Despite Ruling, Judge Won't Allow Petition Signers' Names to Be Made Public
by Steve Weinstein
Thursday Aug 12, 2010
One of the most contentious issues of the day -- whether or not people who sign petitions to bring controversial measures to the ballot box should have their identities shielded from public view -- is continuing. A federal judge in Tacoma, Wash., ruled Aug. 12 that those who signed a state petition to bring to a vote the expansion of domestic partnerships would still not be made known to the public, despite a U.S. Supreme Court ruling on the matter.
The Seattle Times reported that U.S. District Judge Benjamin Settle extended a restraining order from those opposed to the Supreme Court's ruling. "The release of the names and addresses could not be undone," he said.
Washington State argued for the release of the names. Deputy Solicitor General Anne Egeler argued that there was no "likelihood of irreparable harm now that the election is over and there is no evidence presented that anything has happened in the intervening time. We've been to the Supreme Court and back, and we still have citizens of the state who want those documents and have a right under state law to receive them."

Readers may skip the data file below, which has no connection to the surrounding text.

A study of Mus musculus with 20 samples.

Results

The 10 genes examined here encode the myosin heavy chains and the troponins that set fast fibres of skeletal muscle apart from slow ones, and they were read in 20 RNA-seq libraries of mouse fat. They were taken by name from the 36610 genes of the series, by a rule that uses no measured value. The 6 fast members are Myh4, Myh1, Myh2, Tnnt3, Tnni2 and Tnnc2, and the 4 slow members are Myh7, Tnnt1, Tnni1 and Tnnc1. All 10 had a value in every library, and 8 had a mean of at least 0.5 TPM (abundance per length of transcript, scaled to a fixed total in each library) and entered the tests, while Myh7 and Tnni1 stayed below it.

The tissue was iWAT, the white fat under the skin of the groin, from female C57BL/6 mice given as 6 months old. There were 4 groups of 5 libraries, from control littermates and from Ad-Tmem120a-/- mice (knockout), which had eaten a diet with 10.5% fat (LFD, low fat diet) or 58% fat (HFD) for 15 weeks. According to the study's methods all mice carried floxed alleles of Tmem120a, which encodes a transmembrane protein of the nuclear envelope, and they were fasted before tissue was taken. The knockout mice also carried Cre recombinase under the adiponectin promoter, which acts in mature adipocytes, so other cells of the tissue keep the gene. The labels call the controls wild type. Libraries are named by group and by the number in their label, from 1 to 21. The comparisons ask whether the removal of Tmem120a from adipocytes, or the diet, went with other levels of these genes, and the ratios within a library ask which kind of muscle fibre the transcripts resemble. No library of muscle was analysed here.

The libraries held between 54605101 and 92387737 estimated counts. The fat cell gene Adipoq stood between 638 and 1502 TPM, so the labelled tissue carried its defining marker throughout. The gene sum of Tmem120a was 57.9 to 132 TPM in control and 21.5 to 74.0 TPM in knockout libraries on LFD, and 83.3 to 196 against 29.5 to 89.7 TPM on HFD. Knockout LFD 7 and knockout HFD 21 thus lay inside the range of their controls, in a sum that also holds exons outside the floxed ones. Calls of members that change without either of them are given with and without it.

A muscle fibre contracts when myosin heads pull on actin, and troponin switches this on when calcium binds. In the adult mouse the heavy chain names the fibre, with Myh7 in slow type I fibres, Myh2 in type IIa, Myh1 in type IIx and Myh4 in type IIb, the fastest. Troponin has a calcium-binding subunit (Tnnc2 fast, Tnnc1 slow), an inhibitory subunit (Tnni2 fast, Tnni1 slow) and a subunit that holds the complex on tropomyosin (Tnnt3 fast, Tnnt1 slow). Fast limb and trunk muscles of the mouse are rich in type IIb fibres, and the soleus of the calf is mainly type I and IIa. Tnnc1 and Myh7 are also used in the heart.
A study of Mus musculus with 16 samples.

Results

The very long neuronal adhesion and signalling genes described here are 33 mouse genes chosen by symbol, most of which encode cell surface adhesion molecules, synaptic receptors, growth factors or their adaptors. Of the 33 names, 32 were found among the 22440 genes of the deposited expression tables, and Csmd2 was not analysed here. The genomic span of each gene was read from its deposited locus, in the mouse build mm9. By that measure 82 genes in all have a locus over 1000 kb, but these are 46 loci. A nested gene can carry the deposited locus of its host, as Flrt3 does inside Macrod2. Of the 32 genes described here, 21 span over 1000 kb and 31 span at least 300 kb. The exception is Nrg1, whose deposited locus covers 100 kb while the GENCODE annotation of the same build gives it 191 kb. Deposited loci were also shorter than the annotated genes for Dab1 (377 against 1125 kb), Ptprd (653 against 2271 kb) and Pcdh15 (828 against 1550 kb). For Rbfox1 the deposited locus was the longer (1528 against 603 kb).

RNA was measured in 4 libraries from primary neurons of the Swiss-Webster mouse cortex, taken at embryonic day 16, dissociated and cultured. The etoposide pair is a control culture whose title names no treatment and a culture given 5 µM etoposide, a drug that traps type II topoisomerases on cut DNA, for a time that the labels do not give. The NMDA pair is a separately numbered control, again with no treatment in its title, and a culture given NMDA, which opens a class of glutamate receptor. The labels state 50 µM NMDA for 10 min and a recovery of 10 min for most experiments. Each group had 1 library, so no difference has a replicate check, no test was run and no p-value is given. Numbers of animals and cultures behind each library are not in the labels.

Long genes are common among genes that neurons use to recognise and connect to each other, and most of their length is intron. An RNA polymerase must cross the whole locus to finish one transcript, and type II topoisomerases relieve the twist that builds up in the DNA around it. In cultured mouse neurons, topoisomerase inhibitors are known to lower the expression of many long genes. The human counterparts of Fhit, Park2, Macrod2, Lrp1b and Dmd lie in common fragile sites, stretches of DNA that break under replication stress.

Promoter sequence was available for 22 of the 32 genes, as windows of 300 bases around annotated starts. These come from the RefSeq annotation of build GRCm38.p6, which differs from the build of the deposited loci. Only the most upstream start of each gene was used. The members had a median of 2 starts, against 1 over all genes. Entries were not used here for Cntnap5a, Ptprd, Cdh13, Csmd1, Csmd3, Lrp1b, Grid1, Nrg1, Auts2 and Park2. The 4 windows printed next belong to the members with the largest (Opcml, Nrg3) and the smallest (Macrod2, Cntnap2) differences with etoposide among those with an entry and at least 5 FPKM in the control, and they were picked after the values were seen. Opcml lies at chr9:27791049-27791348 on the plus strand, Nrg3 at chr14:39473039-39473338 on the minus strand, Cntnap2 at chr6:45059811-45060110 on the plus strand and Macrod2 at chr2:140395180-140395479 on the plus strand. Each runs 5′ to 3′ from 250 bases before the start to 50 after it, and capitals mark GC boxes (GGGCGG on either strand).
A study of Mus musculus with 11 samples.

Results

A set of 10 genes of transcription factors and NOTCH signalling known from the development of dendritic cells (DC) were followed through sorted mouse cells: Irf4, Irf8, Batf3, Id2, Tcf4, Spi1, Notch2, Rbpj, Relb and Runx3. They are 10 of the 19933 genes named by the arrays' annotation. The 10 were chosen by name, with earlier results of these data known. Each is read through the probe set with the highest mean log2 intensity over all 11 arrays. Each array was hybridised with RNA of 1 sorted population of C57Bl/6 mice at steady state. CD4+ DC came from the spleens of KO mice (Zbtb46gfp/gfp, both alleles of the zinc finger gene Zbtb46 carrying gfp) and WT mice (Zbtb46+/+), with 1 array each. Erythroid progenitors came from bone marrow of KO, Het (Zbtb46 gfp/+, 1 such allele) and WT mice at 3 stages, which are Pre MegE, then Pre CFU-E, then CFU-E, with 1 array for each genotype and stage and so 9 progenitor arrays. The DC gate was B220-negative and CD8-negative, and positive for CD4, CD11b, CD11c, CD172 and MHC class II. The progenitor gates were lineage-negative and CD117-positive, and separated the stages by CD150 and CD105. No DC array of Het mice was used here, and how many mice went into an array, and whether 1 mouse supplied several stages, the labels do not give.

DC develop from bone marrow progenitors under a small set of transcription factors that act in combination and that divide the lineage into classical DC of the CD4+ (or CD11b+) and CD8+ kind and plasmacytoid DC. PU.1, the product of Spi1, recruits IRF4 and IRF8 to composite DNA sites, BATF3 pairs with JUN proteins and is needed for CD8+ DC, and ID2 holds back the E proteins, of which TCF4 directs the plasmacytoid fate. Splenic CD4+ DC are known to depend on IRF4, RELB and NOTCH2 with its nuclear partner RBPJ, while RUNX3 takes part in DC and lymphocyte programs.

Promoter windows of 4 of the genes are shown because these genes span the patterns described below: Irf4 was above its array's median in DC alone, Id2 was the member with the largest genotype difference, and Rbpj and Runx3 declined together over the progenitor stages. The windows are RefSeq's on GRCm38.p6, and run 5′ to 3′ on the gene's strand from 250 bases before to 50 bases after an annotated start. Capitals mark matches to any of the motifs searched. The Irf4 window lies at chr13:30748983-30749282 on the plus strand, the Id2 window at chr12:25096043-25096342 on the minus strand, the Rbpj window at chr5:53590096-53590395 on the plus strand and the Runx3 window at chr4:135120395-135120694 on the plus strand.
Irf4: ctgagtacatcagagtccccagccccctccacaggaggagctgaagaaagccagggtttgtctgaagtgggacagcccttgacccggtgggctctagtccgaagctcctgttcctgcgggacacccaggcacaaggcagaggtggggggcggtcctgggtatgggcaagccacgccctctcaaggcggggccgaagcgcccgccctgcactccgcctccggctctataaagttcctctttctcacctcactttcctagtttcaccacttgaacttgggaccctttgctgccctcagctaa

The ongoing controversy has its roots in the efforts of a group called Marriage Washington, which put forward Referendum 71, a ballot initiative that would have rolled back extending legal protections to same-sex couples.
Gay activists wanted the names of those who signed petitions to put the measure on the ballot to be made public. Protect Marriage pointed to alleged harassment and boycotts in California of those who had defended or supported Proposition 8.
The U.S. Supreme Court finally decided on July 24 in an 8-1 decision that when people sign petitions to put ballot initiatives before voters, the First Amendment does not shield them from public disclosure. The case was widely considered one of the most important that the court had handed down this term.